Tech and Social Justice: Personal Data, Data Literacy, and Discrimination



The Illinois Tech Office of Community Affairs and Outreach, the Real-Time Communications Lab, and the Center for the Study of Ethics in the Professions present a discussion series on technology and social justice, with the latest event titled Personal Data, Data Literacy, and Discrimination: It’s About Much More Than Friends. 

We will discuss how your personal data—from sources such as your social media—is being used by others to make decisions about things such as your interest rate, job offers, university admissions, and much more. What conclusions are drawn about you, based on personal information that you may think you are sharing only with friends? What are the relative benefits and dangers associated with giving your personal data? What can we as individuals and as a society do to ensure that our
personal data is not abused?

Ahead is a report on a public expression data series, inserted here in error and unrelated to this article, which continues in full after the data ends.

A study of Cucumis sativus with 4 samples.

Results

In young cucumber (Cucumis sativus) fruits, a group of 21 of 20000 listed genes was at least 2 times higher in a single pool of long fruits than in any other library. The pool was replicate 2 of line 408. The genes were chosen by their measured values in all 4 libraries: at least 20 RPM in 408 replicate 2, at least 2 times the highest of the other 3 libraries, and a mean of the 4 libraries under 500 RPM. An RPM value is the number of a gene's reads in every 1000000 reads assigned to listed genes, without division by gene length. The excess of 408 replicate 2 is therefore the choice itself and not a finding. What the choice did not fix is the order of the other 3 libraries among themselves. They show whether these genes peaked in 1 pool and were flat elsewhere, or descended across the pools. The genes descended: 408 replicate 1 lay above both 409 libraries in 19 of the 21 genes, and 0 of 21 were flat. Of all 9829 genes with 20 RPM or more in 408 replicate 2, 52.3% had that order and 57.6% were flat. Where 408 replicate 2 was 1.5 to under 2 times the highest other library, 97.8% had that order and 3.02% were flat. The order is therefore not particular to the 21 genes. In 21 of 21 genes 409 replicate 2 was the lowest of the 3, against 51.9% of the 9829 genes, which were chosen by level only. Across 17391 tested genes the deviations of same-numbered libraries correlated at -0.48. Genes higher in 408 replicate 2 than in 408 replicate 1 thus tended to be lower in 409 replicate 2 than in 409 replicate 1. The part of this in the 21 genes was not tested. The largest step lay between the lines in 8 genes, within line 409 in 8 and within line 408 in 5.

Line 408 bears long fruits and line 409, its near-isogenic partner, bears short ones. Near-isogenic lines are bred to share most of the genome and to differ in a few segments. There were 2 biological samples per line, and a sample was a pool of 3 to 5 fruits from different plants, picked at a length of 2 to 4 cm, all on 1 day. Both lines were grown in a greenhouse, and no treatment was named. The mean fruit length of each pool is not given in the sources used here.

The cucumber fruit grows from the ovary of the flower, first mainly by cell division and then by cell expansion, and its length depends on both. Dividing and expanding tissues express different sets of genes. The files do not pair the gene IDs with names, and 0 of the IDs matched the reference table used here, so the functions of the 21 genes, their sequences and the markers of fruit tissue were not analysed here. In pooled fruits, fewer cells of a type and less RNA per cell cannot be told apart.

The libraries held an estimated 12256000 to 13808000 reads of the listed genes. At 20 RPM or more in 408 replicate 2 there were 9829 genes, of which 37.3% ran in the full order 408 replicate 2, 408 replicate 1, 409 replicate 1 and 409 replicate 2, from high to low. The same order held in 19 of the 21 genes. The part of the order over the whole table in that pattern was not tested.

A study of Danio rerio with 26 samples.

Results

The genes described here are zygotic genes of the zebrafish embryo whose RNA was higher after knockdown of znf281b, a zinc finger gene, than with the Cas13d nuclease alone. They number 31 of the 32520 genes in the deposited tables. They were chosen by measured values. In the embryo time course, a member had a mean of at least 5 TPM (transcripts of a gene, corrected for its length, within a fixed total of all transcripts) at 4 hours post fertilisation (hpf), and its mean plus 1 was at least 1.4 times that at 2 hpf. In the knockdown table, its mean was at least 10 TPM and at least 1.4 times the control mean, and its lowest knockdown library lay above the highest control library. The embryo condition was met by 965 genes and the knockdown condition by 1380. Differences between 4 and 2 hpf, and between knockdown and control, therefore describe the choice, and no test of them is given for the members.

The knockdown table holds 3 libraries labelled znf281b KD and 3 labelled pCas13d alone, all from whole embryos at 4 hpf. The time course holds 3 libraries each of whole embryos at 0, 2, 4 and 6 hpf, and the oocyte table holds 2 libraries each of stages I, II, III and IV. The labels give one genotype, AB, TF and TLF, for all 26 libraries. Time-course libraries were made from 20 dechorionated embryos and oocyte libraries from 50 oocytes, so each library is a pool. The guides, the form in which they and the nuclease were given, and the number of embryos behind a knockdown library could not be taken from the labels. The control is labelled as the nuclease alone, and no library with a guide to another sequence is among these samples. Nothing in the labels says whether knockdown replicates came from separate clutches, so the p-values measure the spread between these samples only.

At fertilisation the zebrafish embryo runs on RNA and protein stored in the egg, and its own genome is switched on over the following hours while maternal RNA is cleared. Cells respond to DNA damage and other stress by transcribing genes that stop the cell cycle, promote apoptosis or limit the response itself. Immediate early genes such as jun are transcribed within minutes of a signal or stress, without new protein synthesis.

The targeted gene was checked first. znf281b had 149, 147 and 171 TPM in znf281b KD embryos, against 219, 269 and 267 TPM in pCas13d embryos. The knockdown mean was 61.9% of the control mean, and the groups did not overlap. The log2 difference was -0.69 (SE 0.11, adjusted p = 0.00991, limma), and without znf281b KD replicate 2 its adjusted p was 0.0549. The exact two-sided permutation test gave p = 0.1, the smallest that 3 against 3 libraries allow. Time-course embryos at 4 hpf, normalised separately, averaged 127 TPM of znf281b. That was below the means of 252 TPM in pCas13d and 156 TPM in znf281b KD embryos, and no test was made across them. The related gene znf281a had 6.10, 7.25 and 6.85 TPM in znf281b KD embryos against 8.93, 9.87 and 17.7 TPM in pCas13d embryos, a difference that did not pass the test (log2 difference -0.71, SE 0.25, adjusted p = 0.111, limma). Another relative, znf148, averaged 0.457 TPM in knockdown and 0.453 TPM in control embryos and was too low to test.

This Q&A session will feature Tamara K. Nopper, a sociologist, writer, and editor. She is the editor of We Do This ‘Til We Free Us: Abolitionist Organizing and Transforming Justice, a book of Mariame Kaba’s writings and interviews (Haymarket Books); researcher and writer of several data stories for Colin Kaepernick’s Abolition for the People online series and book; and guest editor of the recently published critical sociology forum Race and Money. Her current scholarship examines the credit scoring industry and the push for alternative data among elected officials, policymakers, and community advocates. She is an affiliate of the Center for Critical Race and Digital Studies, a member of the inaugural cohort of the NYU Institute for Public Interest Technology, a 2021–2022 faculty fellow at Data & Society as part of a cohort focused on race and technology, and a former fellow at Data for Progress. Carol Davids, adjunct industry professor of computer science and director of the Real-Time Communications Lab at Illinois Tech, will moderate the discussion.